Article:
A world of talent meets in New Smyrna Beach to create genre-bending works

Photo: Photos by Patricia Lois Nuss, License: N/A

Photos by Patricia Lois Nuss

Jiha Park

Photo: , License: N/A

Ahmed Rock

In one room is a jazzy electronic pop vibe (led by Nigerian guitarist Biodun Kuti and accentuated intriguingly by Kenyan songwriter Bill Sellanga); in another, a soaring post-rock soundscape initiated by South African guitarist Mpumelelo Mcata, colored with mesmerizingly cool soprano vocals by Czech singer Lucie Páchová and misted by keys provided by U.S. songwriter Nandi Plunkett (of the band Half Waif) on piano and Lebanese audio-visual artist Elyse Tabet on an electronic keyboard. But in both rooms the same slow, deep nods are paired with enthusiastic grins at the precise moment when the confusion clears and the composition is free to break out on its own. This was something more cerebral than simply jamming, and more invigorating than half the stuff you hear on Pitchfork.

And it was only the first day of working together in a functional environment. Marianetti partially attributes this to the setting, which is why they returned to Atlantic Center for the Arts for a second year.

“This place is unbelievable,” Marianetti says. “The space is really magical. You’re living in a place where nature and architecture really meld together, and it’s really a beautiful thing. Everybody who comes here is really amazed.”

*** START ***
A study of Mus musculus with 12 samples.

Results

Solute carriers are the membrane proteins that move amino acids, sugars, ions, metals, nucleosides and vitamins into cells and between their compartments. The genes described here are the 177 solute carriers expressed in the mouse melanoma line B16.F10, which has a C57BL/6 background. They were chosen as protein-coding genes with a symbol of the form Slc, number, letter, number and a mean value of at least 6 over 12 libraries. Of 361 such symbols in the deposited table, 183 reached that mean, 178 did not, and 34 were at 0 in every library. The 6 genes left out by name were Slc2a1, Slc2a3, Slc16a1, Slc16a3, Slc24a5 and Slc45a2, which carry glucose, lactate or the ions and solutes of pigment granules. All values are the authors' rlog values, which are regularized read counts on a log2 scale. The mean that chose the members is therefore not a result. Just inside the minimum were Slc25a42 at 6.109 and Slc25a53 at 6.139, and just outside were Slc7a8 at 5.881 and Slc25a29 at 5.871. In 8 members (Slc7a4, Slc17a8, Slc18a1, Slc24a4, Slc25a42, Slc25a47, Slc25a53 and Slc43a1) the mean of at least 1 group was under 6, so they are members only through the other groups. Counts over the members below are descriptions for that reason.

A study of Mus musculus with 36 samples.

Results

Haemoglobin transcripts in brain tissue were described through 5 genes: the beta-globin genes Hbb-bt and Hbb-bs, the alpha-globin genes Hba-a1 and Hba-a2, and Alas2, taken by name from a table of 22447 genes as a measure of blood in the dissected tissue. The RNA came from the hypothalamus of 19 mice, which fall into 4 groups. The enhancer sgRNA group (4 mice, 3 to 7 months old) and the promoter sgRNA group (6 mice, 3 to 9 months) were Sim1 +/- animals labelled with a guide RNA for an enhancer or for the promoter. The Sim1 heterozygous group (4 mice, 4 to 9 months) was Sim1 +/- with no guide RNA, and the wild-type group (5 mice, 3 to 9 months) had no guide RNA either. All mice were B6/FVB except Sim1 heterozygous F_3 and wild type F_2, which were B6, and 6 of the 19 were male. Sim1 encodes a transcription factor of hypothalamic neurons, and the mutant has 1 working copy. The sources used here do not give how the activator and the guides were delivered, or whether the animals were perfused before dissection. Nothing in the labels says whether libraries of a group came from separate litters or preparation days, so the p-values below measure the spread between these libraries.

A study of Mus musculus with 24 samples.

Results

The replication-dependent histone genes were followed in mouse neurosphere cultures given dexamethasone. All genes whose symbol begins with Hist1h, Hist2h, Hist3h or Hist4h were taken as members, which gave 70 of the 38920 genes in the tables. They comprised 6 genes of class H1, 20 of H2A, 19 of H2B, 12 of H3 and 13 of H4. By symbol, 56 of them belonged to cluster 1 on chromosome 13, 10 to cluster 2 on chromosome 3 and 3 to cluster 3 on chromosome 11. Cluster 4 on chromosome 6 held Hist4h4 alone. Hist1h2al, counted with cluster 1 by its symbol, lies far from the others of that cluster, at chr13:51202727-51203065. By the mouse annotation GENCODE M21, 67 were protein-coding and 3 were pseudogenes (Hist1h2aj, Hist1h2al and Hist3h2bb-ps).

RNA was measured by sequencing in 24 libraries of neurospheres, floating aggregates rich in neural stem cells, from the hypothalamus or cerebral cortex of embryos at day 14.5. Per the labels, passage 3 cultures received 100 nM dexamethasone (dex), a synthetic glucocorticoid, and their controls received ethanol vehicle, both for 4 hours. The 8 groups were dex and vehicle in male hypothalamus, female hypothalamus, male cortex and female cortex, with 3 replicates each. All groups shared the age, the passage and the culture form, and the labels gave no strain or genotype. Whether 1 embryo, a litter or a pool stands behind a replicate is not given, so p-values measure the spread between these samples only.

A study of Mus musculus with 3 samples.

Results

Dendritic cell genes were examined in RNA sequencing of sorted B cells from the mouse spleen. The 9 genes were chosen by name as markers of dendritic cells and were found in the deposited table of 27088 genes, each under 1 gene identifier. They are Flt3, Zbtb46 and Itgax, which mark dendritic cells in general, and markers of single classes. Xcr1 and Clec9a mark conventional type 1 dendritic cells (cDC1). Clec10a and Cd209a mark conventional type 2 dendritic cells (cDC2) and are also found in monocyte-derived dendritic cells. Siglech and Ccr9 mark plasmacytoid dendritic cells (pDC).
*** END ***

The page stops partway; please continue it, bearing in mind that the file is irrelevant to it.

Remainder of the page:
When the musicians stop for lunch, in the social cafeteria setting, you see some artists naturally keeping with their ensemble group to continue the conversation outside the classroom; others gravitate toward personalities they already seem to really gel with. An observer can already get a sense of who might collaborate later on, when they get to choose who they work with (after the second set of ensembles, chosen at random). Marianetti explains his theory that the communication skills they develop in the assigned groups will help strengthen the more organic collaborations to propel satisfying arrangements and what he anticipates to become lifelong music-writing relationships: a small step in his larger goal of maintaining a worldwide community of musicians.

“It feels like this is really the future in a sense, and not just in assembling musicians and pushing the boundaries of music-making but also in thinking of the global, political sense,” Marianetti says. “We have people here who are really doing things in their countries. We have an Egyptian rapper who was at the forefront of talking out about the revolution. He said some things last night that you could tell was just blowing people’s minds.”

Perhaps the best way to prepare for Friday’s show is by listening to last year’s OneBeat mixtape (foundsoundnation.org/2012-mixtape). OneBeat is one of several projects under the umbrella of Found Sound Nation, an artists collective that seeks to leverage music to strengthen communities. The OneBeat project includes a musicians residency program and then a two-week tour made possible by assistance from the U.S. Department of State’s Bureau of Educational and Cultural Affairs, which is why so many musicians of different nationalities can come into the U.S. to meet and perform without complications.